Relaymedia

Freed Korean Hostages Say 'Sorry' for Worries

( [email protected] ) Aug 17, 2007 04:10 AM EDT
The first two Korean hostages freed by Taliban militants gave a brief statement of apology and thanks to the public Friday upon their return to South Korea.
South Korean Kim Gina, right, and Kim Kyung-ja, left, released South Korean hostages in Afghanistan answer reporters questions upon their arrival at Incheon International Airport in Incheon, west of Seoul, South Korea, Friday, Aug. 17, 2007. Two South Korean hostages freed from Taliban captivity arrived home Friday, amid an ongoing standoff where 19 of their compatriots remain held by the insurgent group in Afghanistan. (Photo: Yonhap / Hwang Kwang-mo)

The first two Korean hostages freed by Taliban militants gave a brief statement of apology and thanks to the public Friday upon their return to South Korea.

After nearly a month of captivity by the Taliban in Afghanistan – Kim Ji-na, 32, and Kim Kyun-ja, 37 – landed at Incheon International Airport at 12:19 p.m. Friday (11:19 p.m. EDT Thursday), according to Yonhap news agency in Seoul.

The two females appeared visibly tired as they each gave a brief statement at the entrance gate of the airport.

“We are very sorry that we caused you to worry so much,” said Kim Kyun-ja, according to Yonhap. “Because of your help, we were able to be released, and we would like to heartily thank you.

“For now, we can do nothing but hope that the other people, who are still held by the Taliban in Afghanistan, get released soon,” she added.

Kim Ji-na said: “We are so obliged to you all for your concerns. We are grateful that we were released.”

The two did not answer any questions from the media after they spoke. They were soon reunited with their families at the airport and were then taken to a military hospital in Bundang, south of Seoul, for medical checkups.

Korean officials chose a military hospital because of fear that the hostages’ exposure to the media could adversely affect negotiations for the remaining 19 hostages.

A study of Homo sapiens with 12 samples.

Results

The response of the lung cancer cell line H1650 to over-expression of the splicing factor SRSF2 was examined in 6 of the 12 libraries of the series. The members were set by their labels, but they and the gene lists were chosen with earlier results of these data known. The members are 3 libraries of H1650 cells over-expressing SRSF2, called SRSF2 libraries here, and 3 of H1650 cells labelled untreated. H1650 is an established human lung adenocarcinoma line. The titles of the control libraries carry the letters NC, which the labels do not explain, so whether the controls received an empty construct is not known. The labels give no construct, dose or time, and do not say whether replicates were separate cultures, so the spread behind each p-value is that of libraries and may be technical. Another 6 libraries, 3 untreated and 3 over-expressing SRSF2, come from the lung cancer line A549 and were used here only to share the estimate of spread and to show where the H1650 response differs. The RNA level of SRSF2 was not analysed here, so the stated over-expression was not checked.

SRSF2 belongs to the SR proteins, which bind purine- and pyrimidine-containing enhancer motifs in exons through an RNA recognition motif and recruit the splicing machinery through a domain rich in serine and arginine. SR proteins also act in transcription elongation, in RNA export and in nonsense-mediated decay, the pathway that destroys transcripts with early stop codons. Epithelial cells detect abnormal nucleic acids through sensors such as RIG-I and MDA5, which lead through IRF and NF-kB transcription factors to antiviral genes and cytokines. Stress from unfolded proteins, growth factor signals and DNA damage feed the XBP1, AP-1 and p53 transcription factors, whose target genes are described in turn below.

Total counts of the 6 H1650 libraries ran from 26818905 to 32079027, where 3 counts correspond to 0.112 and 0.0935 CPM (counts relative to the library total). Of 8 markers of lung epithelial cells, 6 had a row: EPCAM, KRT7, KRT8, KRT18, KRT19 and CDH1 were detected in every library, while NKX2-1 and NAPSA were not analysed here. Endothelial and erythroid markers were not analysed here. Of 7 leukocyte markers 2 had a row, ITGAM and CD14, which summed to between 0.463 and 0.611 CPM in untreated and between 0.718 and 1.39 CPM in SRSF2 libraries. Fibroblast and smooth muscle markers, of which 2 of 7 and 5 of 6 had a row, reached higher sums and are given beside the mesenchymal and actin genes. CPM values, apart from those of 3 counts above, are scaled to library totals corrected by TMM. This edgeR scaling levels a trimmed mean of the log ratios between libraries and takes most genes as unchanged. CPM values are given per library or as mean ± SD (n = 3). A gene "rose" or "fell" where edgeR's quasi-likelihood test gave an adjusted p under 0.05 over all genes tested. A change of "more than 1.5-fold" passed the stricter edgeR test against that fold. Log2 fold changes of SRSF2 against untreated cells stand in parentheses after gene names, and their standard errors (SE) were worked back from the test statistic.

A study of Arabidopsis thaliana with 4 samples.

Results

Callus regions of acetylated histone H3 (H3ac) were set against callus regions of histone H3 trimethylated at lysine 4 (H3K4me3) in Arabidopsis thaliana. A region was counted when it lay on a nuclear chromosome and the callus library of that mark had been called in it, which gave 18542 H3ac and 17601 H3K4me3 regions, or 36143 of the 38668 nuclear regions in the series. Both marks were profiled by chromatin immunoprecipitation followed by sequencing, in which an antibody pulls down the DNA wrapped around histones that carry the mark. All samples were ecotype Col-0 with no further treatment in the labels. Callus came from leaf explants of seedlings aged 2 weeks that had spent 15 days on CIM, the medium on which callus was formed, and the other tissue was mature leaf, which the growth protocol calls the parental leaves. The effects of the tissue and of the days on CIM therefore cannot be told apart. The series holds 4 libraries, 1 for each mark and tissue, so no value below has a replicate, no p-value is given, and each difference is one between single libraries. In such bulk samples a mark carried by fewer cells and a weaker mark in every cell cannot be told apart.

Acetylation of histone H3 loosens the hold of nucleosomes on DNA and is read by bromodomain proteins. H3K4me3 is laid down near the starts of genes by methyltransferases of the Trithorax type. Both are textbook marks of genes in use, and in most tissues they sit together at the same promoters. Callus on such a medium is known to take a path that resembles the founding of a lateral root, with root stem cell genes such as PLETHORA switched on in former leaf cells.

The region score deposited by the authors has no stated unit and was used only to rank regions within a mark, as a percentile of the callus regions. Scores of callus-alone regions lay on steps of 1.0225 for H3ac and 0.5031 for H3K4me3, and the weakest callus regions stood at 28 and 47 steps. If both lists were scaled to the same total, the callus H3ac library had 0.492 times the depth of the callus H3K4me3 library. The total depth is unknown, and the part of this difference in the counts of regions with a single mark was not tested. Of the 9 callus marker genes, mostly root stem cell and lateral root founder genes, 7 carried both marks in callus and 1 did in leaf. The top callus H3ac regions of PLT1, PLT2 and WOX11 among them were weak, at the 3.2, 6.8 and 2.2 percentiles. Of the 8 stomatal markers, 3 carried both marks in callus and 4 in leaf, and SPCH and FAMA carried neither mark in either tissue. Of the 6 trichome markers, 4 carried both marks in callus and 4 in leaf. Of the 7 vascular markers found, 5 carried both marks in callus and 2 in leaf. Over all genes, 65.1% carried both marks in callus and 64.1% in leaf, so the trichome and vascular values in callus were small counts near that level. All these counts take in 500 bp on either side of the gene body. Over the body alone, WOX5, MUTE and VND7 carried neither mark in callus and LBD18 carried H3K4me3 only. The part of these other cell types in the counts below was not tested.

The two freed hostages were the results of four days of intense face-to-face talks between Taliban militants and a Korean delegation at the local headquarters of the Afghan Red Crescent Society that began on Aug. 10. Taliban captors said the two females were released as a “gesture of goodwill” because talks were going well.

A government official who accompanied the two from New Delhi to Seoul said the hostages did not know they were being released until the handover, according to Yonhap.

“As they moved frequently during the captivity, they were thinking that the Taliban were taking them to another place, not noticing they would be released,” the official said.

The official also said that the hostages were cut off completely from the outside world and were not even aware of the deaths of the Rev. Bae Hyung-kyu and Shim Sung-min.

Instead, the two, who were in the same group as Shim, thought he was freed.

“They did not know of the deaths of Rev. Bae and Shim even when they were moved to a U.S. Air Force base in Bagram,” said the official. “They learned the fact on Thursday and were shocked. They cried about 30 minutes. They showed symptoms of anorexia, mental anxiety and have not smiled at all since then,” he said.

Meanwhile, in Afghanistan, the Taliban complained of lack of progress and said their leadership had not decided what to do next.

“The Taliban leading council has not made any specific decisions,” a Taliban commander from Ghazni province, Abdullah Jan, told Agence France-Pressed Friday.

Jan said face-to-face talks would not resume immediately, though he did not rule out the possibility of one later in the day.

An official of the International Committee of Red Cross, which has been mediating the dialogue, said there was “very little probability” of talks resuming Friday, according to AFP.

“The Taliban are still insisting on the release of their prisoners," said Jan.

The Afghan and U.S. government has repeatedly rejected the demand to release prisoners, saying that it would cause more harm than good. Both Aghan President Hamid Karzai and U.S. President George W. Bush have said releasing rebels would further encourage kidnapping as an industry in the insurgency-wracked country and support terrorism.

Taliban rebels are held by Afghan and U.S. militaries, and South Korea is powerless to free the prisoners without the two countries’ consent – a fact that Seoul has repeatedly explained to the Taliban.

It has been nearly a month since the Taliban militants kidnapped the group of 23 Christian volunteers – the largest abduction of foreigners in Afghanistan since the fall of the Taliban regime in 2001 – on July 19. Since then, two male hostages have been killed – the leader of the group, Bae Hyung-kyu, who was found dead on July 25, and 29-year-old Shim Sung-min, whose body was found July 30.